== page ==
Police blast pipeline opponents with water jets and chemicals in freezing weather

Police spray high-pressure water jets on pipeline opponents in North Dakota. (photo credit: Josue Rivas via Indigenous Environmental Network)

Police in North Dakota used rubber bullets, chemical sprays and water cannons in freezing temperatures Sunday night against opponents of the Dakota Access Pipeline. Robert Packard has more.


The Morton County Sheriff’s Department called the action a ‘ongoing riot’ and said water was used to put out fires. Video from a live stream at the scene shows a high pressure jet of water hitting protesters directly in temperatures below 30 degrees Fahrenheit. Medics from the Sacred Stone camp estimate more than 160 water protectors were injured.

“They deployed 20 mace canisters in a small area in less than five minutes to the point where people have lost bowel function,” Angela Bibens of the Water Protector Legal Collective told Dallas Goldtooth of the Indigenous Environmental Network in a phone conversation recorded Sunday night. “At least one seizure has been witnessed at the front lines by our legal observation team. There have been people vomiting from the exposure to the mace. The water cannon has been mixed with the mace, and so even our legal observers have been exposed and are trying to deal with that while they’re doing up their notes. And canisters were shot at the medic area at the front line. There is at least one woman who has a broken kneecap. At least one elder went into cardiac arrest and was revived through CPR at the front line by medics.”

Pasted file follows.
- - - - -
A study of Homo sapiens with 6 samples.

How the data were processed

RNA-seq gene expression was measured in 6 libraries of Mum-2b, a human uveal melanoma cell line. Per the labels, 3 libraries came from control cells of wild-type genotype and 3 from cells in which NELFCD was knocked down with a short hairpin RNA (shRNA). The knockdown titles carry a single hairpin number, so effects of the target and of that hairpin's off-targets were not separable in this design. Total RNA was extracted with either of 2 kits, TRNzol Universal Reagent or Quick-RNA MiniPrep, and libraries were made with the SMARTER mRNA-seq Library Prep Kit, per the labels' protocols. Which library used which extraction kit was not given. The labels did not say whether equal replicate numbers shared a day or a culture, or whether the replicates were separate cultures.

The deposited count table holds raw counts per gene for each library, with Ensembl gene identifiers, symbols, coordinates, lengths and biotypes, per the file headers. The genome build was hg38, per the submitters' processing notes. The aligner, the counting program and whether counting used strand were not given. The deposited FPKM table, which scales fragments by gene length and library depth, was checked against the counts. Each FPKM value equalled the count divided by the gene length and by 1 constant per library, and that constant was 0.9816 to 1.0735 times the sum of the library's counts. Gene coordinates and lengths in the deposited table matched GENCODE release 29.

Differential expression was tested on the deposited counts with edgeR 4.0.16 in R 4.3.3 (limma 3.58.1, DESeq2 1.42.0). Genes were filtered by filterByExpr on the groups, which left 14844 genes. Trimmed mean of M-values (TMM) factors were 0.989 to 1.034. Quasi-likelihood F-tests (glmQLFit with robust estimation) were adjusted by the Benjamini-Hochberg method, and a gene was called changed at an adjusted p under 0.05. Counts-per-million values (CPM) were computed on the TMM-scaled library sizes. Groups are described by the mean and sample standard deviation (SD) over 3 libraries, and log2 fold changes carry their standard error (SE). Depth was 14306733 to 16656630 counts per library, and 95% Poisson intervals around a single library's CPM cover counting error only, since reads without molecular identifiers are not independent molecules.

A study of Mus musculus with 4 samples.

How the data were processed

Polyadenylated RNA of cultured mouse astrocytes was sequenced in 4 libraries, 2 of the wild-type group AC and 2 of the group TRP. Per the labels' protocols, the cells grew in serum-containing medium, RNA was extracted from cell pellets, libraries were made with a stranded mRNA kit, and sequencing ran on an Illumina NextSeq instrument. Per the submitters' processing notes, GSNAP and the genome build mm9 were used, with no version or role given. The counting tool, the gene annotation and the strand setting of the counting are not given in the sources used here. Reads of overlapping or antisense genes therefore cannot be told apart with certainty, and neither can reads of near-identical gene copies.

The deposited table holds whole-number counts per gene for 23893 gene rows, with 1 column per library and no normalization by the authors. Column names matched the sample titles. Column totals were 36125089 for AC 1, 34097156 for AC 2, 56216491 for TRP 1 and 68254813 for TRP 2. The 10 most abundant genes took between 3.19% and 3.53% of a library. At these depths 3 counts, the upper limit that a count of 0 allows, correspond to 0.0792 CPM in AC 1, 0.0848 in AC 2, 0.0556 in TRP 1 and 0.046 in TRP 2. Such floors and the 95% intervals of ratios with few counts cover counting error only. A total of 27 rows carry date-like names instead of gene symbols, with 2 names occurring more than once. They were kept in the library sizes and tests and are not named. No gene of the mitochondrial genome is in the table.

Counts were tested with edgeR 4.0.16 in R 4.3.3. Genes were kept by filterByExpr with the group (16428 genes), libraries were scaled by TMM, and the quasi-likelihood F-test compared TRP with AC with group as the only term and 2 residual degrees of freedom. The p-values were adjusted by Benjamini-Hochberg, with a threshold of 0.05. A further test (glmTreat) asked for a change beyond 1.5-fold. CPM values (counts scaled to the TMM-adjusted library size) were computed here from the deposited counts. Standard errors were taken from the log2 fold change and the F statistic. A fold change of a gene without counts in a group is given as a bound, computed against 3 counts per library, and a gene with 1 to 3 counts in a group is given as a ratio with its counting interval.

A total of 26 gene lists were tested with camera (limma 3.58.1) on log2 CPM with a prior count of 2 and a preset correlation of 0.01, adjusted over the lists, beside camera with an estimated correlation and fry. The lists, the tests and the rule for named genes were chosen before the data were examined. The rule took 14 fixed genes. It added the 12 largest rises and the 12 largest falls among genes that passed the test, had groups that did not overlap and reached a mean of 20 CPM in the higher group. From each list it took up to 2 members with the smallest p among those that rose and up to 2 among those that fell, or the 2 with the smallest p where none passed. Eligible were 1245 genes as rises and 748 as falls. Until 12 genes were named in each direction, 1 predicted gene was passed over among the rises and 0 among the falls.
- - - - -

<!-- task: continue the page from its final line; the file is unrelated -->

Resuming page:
The Standing Rock Sioux Nation opened up a local gymnasium to serve as a shelter for those at risk of hypothermia due to exposure to water jets in subfreezing weather.

The Dakota Access pipeline has sparked unified opposition from Native Americans who say the project violates tribal sovereignty and endangers the drinking water supply for millions of people who depend upon the Missouri River. The pipeline construction near the Standing Rock Sioux reservation is nearing completion after multiple delays. Water protectors have used both the courts and protest encampments to attempt to prevent the completion of the pipeline that is slated to carry fracked oil from the Bakken formation in North Dakota to a distribution hub in Illinois.

Water protectors are calling on President Barack Obama to intervene to halt the pipeline’s construction before leaving office. According to a report by The Guardian, President-elect Donald Trump is an investor in the company building the pipeline.